Guess what? Tennesseans spend gobs of money on hunting and fishing stuff and, because of that, employ untold numbers of people.
Under the category of “Hey look we’re important, too,” the Congressional Sportsmen’s Foundation has done a study that shows that the state’s 775,000 hunters and anglers spend $1.3 billion a year. That’s like pushing out a press release with a blaring headline that states Tennesseans like football.
The figures on Tennessee’s spending were part of a national study the organization released titled “Hunting and Fishing: Bright Stars of the American Economy — A force as big as all the outdoors.” Texas topped the list of number of sportsmen, 2.6 million, and impact, $6.6 million.
There’s no doubt that hunting and fishing enthusiasts spend a lot of dough. An angler would like nothing better than to see a $40,000 tricked-out bass boat in the driveway for Christmas. And, a hunter somewhere will see a gun under the tree more powerful than Ralphie’s Red Rider Air Rifle.
But the spate of economic impact studies over the years with their grandiose statements to drive home the point of a particular group’s importance may well be diminishing the impact of the impact study.
Studies now are being received with a roll of the eyes as those who ordered the study deliver it with straight faces. The aim is more about showing importance to push a political agenda than anything else. With sportsmen, its gun rights, conservation and environmental issues and basically protecting the ability to hunt and fish.
The sportsmen’s study is especially entertaining and far exceeds the Nashville airport’s impact study last month in grandiosity. Everything is enormous, astounding and more than some other activity.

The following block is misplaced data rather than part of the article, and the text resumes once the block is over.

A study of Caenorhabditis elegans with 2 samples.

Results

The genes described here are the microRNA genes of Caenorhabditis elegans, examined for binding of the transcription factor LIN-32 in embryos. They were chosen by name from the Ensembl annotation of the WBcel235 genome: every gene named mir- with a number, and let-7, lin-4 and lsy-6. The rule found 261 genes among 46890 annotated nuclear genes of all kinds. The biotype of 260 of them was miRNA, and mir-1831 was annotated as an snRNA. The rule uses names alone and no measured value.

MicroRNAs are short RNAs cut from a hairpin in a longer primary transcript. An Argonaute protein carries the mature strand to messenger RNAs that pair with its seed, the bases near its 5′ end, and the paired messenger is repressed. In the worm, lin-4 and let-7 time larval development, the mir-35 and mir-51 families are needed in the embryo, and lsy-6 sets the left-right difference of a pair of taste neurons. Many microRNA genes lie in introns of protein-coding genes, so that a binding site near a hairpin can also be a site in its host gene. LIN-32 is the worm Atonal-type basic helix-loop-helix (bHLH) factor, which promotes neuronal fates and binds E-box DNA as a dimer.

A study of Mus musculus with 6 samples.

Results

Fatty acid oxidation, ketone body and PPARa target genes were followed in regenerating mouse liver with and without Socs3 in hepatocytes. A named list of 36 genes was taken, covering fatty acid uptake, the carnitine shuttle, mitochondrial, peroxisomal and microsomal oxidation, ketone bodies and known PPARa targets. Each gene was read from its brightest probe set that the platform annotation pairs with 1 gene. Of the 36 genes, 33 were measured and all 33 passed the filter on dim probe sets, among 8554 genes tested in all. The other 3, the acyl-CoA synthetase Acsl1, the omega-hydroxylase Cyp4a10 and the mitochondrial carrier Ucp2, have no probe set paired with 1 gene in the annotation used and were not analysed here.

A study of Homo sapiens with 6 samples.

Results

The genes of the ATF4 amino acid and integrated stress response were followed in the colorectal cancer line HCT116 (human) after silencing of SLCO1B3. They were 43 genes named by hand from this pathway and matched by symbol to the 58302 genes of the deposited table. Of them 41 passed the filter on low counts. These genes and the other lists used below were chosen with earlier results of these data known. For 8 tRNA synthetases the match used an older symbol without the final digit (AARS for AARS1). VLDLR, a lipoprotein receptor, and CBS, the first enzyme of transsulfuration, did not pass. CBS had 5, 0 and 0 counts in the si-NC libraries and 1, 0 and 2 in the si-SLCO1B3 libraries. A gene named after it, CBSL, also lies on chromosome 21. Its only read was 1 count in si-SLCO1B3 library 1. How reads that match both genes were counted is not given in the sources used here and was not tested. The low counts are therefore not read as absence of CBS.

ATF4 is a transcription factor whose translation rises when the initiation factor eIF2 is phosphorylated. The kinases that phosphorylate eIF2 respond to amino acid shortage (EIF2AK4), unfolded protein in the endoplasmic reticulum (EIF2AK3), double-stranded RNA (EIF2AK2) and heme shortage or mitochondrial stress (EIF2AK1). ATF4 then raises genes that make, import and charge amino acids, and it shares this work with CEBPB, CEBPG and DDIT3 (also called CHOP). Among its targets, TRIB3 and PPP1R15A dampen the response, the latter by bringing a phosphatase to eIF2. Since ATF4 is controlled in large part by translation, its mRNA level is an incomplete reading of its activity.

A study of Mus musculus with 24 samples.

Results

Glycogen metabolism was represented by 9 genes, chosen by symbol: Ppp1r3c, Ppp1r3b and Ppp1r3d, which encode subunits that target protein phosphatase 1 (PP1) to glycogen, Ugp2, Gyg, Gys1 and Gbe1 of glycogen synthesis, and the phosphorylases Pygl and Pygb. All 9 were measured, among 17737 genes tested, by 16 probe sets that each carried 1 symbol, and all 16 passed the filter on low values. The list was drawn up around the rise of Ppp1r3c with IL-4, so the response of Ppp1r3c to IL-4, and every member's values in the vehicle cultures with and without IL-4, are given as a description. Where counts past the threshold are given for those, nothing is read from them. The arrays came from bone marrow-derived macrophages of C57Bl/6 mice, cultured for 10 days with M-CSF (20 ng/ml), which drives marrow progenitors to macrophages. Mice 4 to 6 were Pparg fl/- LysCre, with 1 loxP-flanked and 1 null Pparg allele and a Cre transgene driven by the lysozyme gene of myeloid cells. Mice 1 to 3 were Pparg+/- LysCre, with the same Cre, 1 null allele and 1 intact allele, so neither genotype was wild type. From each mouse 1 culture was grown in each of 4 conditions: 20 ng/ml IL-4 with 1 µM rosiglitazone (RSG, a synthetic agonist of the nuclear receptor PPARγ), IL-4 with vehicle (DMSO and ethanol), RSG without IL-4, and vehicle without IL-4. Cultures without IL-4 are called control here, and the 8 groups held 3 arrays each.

Going beyond the title’s “big as all the outdoors,” for example, the study notes that Tennessee sportsmen support more jobs than the combination of Nissan’s plant in Decherd, Gaylord Opryland Resort & Convention Center, Saturn and Spencer-based convenience store operator Parkway Southside.
The comparison smacks of looking at some of the state’s top employers and selectively adding up recognizable names to get the desired number for comparison, which is 22,500 to 22,200.
More people hunt and fish than go to Tennessee Titans games and the spending exceeds the revenue of three of the state’s fastest growing companies.
Going national, spending by hunters and anglers exceeds the combined revenues of Microsoft, Google, eBay and Yahoo, $76 billion compared to $73.6 billion. That $76 billion would rank it 57th in the world in terms of Gross Domestic Product of a country, according to the study.
The source wasn’t included but based on World Bank 2006 rankings, the sportsmen GDP actually would fall 56th behind Kazakhstan and ahead of Bangladesh.
What would an impact study be with out the multiplier effect? Nationally, the $76 billion spent ripples to $192 billion.
Everyone knows it’s a lot of money whenever billion is behind the number. There isn’t much need to embellish it.
Still, it’s doubtful the studies will end. Coming soon: An economic impact study on impact studies.